Until 2009, Coss Marte lived the high life in New York, making an exorbitant amount of money as a drug kingpin. However, his arrest and time in federal prison turned his life around. When inside, the prison doctor told him he was overweight and wouldn’t live long if he continued the same lifestyle. So, Coss turned his life around, and once out of prison, he put his skills to good use, accomplishing great things. The latest episode of VH1’s ‘My True Crime Story’ focuses on Coss’ incredible redemption tale. So, let’s find out more then, shall we?
Who is Coss Marte?
Coss Marte’s parents moved from the Dominican Republic to the United States when his mother was still six months pregnant with him. When Coss was growing up, he was a good student and got good grades. However, at 11, he first smoked weed and realized he could easily make money selling drugs. So, that’s precisely what Coss did; he began selling weed and cocaine.
At the same time, Coss was great at school and sports and eventually got a scholarship to a boarding school in Rhode Island. He started selling drugs to the students there and said, “I thought selling drugs was not a bad thing. I thought it was just a way of living. And people do this as a job.” Coss eventually got caught with ecstasy in his room and was sent to a rehabilitation facility. There, his roommate taught him how to make crack from cocaine.
While Coss’ family begged him to stop dealing drugs, he didn’t want to. Later, Coss was kicked out from SUNY-Albany in New York after just a semester. Soon after, he began making around $3,000 a day just by selling drugs. Then, when one of his cocaine sources was retiring, he took over, and things went up a notch. Coss partnered with other dealers and had an intricate drug dealing system, ensuring the police never found his stash during a raid.
Over time, Coss had his men deliver drugs using bicycles and later using rental cars. He even had them suit up to avoid suspicion from the police. By the time Coss was 19, he was making around $2 million a year through his drug deals. However, Coss was arrested once with cocaine and crack in the lining of his jacket, resulting in a 7-year sentence. But that changed nothing because he ran his empire from prison until he got out four years later.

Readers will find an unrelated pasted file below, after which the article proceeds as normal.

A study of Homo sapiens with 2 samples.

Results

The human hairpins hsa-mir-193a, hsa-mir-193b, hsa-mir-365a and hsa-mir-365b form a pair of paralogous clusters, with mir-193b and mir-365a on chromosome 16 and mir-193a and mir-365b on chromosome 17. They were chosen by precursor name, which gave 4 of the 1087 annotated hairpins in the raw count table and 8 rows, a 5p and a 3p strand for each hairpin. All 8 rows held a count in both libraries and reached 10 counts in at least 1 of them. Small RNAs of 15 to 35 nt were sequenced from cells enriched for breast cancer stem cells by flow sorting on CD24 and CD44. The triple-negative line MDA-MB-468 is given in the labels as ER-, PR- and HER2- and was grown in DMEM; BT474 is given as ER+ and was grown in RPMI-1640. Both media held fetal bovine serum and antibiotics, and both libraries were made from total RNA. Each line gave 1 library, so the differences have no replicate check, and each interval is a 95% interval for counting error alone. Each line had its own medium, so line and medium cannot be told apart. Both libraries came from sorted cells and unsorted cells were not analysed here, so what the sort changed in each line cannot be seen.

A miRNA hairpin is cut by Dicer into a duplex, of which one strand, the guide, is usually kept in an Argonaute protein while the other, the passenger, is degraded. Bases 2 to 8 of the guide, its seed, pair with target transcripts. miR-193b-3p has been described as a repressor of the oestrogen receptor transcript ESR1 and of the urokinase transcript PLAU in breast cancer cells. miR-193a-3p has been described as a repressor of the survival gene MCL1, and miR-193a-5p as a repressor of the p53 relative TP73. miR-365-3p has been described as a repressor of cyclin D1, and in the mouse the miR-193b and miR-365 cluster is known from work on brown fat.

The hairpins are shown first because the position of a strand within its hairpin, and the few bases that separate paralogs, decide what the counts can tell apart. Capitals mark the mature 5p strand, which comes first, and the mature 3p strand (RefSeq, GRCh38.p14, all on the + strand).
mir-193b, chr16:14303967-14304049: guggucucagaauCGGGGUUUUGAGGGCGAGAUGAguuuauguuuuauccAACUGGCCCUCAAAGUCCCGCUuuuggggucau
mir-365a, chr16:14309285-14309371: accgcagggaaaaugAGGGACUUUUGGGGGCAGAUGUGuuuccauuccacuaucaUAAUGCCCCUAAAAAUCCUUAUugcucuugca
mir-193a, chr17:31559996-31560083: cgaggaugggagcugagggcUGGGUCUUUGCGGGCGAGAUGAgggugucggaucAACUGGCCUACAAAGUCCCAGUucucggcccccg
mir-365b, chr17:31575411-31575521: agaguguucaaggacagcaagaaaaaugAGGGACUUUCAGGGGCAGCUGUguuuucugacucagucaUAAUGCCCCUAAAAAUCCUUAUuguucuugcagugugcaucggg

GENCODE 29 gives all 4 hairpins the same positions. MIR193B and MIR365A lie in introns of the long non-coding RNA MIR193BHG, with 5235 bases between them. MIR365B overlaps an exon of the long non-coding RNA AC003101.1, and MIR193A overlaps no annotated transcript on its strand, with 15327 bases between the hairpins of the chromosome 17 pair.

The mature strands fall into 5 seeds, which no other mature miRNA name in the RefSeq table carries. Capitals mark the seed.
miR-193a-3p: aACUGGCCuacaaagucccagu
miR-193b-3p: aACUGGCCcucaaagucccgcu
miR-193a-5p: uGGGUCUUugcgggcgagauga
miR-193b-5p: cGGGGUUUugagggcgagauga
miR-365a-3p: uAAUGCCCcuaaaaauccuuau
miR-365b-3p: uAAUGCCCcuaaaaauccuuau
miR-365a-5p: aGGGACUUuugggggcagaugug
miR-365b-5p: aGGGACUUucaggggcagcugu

By the time Coss was 22, he had a son with an on-and-off girlfriend. Then, in March 2009, federal authorities arrested Coss after carrying out an undercover operation. He was sentenced to 12 years before it was reduced to seven. Around that time, he married the mother of his son. By the time Coss started his prison sentence, he was overweight, and the doctor told him he would die in five years if he didn’t change his lifestyle.
That was when Coss began working out with the means he had available. Apart from living off canned tuna, he did everything he could to lose weight and get fitter in his prison cell. The hard work paid off because, over the next six months, Coss lost 70 pounds. For him, his son was part of why he wanted to become a better person. Apart from losing weight himself, Coss helped other inmates with the same by sharing his workout plan.
Where is Coss Marte Today?
Coss served four years before getting out of prison in 2013. After that, he continued following the same routine and eventually started CONBODY in 2014. It’s a prison-style boot camp where Coss hires previously incarcerated people to teach workout classes. Over the past few years, Coss’ foundation of the same name has made him an advocate for the incarcerated. He has worked with several people who had done time in prison and has gained over 70,000 clients.
Apart from CONBODY, Coss has recently started CONBUD, a cannabis dispensary venture in New York. He planned to hire formerly incarcerated people as employees, giving them a second chance. Coss lives in New York, and in the past, he worked as a resume writer for about two years after being released. Coss is also the co-founder of Second Chance Studios. It’s a nonprofit digital media company with an aim to train and employ people who were in prison.
Coss said, “The fellowship program teaches technical, life, professional, and soft skills to meet the needs of returning citizens to be reskilled for well-paying jobs in areas such as podcasting and video production, in addition to pairing them with seasoned industry mentors. We plan on utilizing the fellows to create content for CONBUD to give opportunities to formerly incarcerated people at all aspects of the business.” On the personal front, Coss recently had another child with his wife, Roxie.